After a decade of closure, Sudan and South Sudan will re-open their shared land borders from October 1 following an agreement reached during a recent official visit to the South Sudanese capital of Juba by Sudan Prime Minister Abdalla Hamdok.

In a joint statement following a three-day visit dubbed by commentators as “historic”, Hamdok and South Sudan’s President Salva Kiir Mayardit said the meeting was marked by “a positive atmosphere underpinned by strong political will” that enabled the two sides to reach agreement on several issues, including the re-opening of four border crossings: Jebeleen-Renk; Meiram; Buram-Tumsah; and Kharsana-Panakuac. The official launch will take place in Jebeleen on October 1, 2021.

Although the countries did not mention air transport, they agreed on the resumption of cargo and passenger movement by land, river, and rail.

Sudanese airlines Badr Airlines (J4, Khartoum) and Tarco Air (Khartoum) are currently the only scheduled carriers to fly between the two countries, according to the ch-aviation schedules module, although Sun Air (Sudan) (SO, Khartoum) announced on social media it had restarted flights on the route as well.

Badr connects Khartoum 4x weekly with Juba and Wau, and twice-weekly with Malakal. Tarco links Juba with both Khartoum and Entebbe (Uganda). Sun Air said it had resumed 3x weekly flights between Khartoum and Juba.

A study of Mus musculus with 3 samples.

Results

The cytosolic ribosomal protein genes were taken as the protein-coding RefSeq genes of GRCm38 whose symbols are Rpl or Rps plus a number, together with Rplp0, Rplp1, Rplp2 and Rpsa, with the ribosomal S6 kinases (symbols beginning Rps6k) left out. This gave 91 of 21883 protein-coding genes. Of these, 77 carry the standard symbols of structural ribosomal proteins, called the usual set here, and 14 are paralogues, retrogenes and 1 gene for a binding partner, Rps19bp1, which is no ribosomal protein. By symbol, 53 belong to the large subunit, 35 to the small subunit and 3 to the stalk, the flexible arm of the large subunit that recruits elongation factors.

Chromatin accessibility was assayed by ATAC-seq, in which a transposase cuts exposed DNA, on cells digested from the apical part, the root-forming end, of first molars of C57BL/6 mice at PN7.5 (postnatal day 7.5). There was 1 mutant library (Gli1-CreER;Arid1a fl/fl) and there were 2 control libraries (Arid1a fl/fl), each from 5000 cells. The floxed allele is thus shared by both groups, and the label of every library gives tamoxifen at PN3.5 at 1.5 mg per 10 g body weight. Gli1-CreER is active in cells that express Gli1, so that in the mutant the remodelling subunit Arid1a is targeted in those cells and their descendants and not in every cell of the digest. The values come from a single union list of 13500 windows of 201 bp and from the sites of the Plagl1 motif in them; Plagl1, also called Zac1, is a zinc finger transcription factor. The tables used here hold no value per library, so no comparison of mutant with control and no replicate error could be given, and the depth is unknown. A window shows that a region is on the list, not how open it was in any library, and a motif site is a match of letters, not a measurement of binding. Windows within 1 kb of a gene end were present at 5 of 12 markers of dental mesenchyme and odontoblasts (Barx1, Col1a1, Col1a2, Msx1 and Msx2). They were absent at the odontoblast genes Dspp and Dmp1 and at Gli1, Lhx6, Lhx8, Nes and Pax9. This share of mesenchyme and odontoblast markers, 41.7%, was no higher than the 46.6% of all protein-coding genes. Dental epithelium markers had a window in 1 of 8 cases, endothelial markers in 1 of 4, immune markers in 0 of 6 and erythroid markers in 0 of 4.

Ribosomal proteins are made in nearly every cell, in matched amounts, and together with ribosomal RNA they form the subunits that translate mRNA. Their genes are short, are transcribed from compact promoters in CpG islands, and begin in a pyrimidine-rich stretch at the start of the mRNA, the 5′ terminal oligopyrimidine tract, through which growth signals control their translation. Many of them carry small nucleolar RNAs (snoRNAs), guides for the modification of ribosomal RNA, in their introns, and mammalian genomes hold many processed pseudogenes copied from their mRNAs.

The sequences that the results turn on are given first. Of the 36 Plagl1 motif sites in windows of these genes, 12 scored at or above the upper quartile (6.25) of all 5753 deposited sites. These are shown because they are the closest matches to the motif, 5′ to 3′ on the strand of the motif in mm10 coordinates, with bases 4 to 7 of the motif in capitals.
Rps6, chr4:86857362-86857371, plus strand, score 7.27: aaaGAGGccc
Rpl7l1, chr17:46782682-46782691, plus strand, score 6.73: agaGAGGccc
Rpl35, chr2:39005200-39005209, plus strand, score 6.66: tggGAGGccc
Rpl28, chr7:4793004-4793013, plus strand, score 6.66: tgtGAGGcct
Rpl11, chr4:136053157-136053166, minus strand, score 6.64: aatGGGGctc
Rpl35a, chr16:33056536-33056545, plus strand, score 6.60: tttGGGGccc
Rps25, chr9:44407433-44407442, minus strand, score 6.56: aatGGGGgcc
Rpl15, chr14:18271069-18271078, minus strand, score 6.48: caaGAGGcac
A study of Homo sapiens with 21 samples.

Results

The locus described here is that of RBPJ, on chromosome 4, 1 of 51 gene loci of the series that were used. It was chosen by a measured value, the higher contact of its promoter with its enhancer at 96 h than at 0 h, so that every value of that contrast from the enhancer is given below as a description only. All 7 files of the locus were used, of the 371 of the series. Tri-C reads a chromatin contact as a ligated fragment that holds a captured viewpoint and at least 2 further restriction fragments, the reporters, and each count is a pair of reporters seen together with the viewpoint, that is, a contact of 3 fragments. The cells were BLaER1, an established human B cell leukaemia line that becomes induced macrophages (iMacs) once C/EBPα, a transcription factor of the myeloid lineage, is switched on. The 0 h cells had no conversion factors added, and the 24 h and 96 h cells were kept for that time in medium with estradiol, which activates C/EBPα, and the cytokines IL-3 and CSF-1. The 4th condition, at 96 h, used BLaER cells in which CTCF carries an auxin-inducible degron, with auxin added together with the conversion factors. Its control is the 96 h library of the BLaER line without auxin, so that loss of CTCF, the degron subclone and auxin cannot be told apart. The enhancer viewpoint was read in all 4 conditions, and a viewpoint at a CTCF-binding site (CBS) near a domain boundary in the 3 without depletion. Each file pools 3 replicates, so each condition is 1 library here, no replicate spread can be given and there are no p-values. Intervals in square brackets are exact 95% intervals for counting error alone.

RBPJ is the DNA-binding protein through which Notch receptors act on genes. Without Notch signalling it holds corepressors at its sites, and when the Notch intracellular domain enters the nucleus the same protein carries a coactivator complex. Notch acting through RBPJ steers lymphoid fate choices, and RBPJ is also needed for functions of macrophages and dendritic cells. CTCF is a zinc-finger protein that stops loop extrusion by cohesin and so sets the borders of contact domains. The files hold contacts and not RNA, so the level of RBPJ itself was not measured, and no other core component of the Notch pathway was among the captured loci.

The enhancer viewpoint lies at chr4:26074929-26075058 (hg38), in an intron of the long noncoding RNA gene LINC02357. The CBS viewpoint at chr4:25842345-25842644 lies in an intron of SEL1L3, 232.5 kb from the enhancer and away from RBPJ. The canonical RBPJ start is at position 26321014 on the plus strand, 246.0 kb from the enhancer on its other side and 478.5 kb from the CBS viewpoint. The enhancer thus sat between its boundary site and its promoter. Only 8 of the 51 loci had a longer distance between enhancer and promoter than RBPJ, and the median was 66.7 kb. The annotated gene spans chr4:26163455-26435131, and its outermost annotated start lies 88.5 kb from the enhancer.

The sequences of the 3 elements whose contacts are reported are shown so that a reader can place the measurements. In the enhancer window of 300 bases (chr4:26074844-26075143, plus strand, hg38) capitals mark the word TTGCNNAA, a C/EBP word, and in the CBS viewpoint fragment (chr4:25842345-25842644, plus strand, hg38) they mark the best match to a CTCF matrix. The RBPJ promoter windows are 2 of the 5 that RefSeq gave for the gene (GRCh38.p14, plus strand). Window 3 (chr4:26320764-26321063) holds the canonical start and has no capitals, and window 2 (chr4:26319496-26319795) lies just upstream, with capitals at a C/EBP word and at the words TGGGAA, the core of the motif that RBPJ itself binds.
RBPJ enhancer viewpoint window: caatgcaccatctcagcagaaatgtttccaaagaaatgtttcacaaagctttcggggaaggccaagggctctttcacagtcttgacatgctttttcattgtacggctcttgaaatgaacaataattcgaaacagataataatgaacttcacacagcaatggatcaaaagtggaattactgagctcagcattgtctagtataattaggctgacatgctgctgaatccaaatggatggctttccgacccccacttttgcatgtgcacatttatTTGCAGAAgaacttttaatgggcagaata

In South Sudan, South Sudan Supreme Airlines (Juba) was grounded after the fatal crash of a Let 410 turboprop on March 2, 2021.

Meanwhile, amongst other things, the two countries have agreed to:

  • continue discussing agreements on trade and economic free zone and transit arrangements;
  • deepen diplomatic cooperation;
  • remove all barriers hindering bank transactions and the opening of banks;
  • establish a joint strategy and strengthen coordination and cooperation in the oil and gas sectors during meetings of the Joint Political Security Mechanism (JPSM) in Juba on September 4 and 5; and
  • strengthen security and intelligence cooperation.

The visit followed continuous consultation on the peace process in both countries, bilateral relations, and regional issues. They affirmed that they could achieve peace together and through regional cooperation.

The two parties confirmed the importance of the role of Sudan in the peace process in South Sudan through the implementation of the Revitalised Agreement on the Resolution of Conflict in South Sudan (R-ARCSS) and as chair of the African trade bloc Intergovernmental Authority on Development (IGAD). They also underlined South Sudan’s role as the guarantor of the Juba Peace Agreement in Sudan. They reaffirmed their commitment to smoothly implement the respective peace agreements and bring non-signatory parties to the peace process.

Borders between the countries were closed in 2011 when relations deteriorated after South Sudan seceded following a long civil war, taking with it three-quarters of the country's oil resources. In January 2016, Sudan’s former president, Omar Hassan al-Bashir, ordered the opening of his country's border with South Sudan, but this did not last.